Four separate incidents of New York corrections officers and prison guards abusing their power with inmates have made headlines in recent months in both civil and criminal court. News of indictments, jail time and monetary compensation give hope that civil rights violations against any American is unacceptable.
Most recently a former inmate at the Genesee County Jail in upstate New York was awarded $36.6 million by a federal jury in an excessive force case. Surveillance video from the jail showed deputies from the county sheriff’s office handcuffing a man arrested for drunk driving in 2010 as he was beaten, hit with a stun gun, and pepper-sprayed. The man then had a hood placed over his face to prevent him from spitting at officers and was left restrained in a chair for two hours with no medical attention.
Closer to New York City, three guards from the Downstate Correctional Facility in Fishkill were indicted for allegedly beating a prisoner as he was waiting for a transfer to Rikers Island in 2013. One charge against a sergeant and two guards is for what was described as brutally beating the inmate with batons, punching him repeatedly, and ripping out one of the man’s dreadlocks as a “souvenir.” He spent 17 days in the hospital with fractured ribs, a collapsed lung, and facial fractures. The guards are also charged with falsifying records, as their reports indicated the inmate was the one who attacked them. A civil suit has been filed against the guards, two more individuals and a nurse from the prison’s infirmary who allegedly would not treat the man’s injuries before he was locked in solitary confinement for the night.
In another case of an assault on an inmate, six corrections officers from Rikers Island were sentenced to jail time for the 2012 beating of a prisoner they believed stared down one of the officers. The man’s injuries included broken teeth, a fractured nose, and broken eye sockets. The indictment for a chief, a captain, and remaining officers reached 53 counts, which included gang assault and evidence tampering. False reports and witness statements claimed the inmate used a piece of metal to slash an officer. The prison sentences for the officers range from four and a half years to six and a half years.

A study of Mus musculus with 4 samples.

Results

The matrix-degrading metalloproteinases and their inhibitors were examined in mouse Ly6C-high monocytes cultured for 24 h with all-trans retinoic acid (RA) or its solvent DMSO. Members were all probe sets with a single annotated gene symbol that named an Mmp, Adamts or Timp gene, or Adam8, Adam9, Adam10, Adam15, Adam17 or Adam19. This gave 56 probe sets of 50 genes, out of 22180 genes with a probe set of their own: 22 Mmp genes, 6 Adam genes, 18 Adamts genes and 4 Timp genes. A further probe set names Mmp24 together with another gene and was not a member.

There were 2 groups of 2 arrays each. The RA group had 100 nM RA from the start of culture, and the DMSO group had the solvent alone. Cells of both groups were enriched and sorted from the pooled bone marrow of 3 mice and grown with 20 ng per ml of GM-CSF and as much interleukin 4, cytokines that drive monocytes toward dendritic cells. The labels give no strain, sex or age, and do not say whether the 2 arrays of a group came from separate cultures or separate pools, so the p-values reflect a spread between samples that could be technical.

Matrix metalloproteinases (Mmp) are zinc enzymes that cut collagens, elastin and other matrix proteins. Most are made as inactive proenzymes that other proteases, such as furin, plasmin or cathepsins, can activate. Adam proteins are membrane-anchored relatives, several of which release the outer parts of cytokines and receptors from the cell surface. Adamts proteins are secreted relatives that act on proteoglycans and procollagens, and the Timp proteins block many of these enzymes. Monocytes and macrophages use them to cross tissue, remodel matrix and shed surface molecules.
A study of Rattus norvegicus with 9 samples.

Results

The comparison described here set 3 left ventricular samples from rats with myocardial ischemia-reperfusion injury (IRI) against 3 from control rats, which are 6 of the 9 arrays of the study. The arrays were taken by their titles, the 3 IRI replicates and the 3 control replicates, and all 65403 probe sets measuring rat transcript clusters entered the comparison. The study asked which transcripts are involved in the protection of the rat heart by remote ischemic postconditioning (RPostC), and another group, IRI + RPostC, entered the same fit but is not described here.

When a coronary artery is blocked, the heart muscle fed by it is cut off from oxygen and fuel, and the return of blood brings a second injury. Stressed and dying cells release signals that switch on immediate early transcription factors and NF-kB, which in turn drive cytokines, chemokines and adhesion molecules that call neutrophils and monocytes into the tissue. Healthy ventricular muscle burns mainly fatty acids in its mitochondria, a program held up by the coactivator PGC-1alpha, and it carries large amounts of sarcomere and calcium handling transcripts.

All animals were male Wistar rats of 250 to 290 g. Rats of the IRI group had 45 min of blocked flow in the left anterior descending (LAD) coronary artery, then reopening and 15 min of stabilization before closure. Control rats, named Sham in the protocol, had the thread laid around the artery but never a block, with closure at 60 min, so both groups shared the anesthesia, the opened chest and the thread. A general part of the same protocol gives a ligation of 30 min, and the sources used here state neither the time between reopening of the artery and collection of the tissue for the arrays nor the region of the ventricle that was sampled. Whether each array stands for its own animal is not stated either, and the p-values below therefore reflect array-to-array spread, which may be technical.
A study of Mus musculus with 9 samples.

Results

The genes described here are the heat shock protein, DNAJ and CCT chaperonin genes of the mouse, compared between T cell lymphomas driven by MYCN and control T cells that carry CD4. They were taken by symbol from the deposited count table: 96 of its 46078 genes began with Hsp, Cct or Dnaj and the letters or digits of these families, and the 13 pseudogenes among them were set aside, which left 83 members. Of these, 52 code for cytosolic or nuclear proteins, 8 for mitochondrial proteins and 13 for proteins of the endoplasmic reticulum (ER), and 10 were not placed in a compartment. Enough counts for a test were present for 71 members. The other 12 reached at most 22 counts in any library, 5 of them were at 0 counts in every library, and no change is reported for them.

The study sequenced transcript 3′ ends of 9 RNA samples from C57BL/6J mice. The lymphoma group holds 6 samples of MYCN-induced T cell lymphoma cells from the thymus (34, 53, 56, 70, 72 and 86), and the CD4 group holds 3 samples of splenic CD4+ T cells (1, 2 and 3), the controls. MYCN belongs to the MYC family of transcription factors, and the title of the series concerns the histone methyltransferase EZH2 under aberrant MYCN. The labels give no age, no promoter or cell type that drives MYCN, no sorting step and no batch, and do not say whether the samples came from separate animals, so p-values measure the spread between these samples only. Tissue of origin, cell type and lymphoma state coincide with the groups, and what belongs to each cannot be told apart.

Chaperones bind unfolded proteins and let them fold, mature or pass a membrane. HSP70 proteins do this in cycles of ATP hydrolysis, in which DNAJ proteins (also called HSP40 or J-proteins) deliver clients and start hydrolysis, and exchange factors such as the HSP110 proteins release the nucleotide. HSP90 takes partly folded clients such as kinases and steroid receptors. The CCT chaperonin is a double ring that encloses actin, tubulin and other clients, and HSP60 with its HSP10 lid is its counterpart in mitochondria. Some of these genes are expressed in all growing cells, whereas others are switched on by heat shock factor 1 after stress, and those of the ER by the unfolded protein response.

More problems with Rikers Island were brought to light with a $5.7 million settlement for the family of an inmate who died in 2013 when he was not administered his medication and went without treatment for six days. The mentally ill prisoner was a diabetic paranoid schizophrenic and was locked in a cell for observation due to his mental condition. He was denied his diabetes medicine and developed diabetic ketoacidosis, which contributed to his death. After being ignored by guards and medical personnel at the jail, he was discovered naked in his cell and covered in bodily waste. He died soon after.
Tragic incidents such as these show the dark side of the prison system. The City’s corrections commissioner stresses a zero-tolerance policy when it comes to the abuse of inmates at Rikers Island and says they are working towards reform, despite a call by local politicians earlier this year to shut down the facility. Until the rights of all are protected, it is still a battle to be won. If you or someone you love has been the victim of a civil rights violation while incarcerated, you may be entitled to compensation for your suffering. Please contact the skilled and experienced attorneys at Finz & Finz, P.C., to stand up for your rights and show government officials that they are not above the law.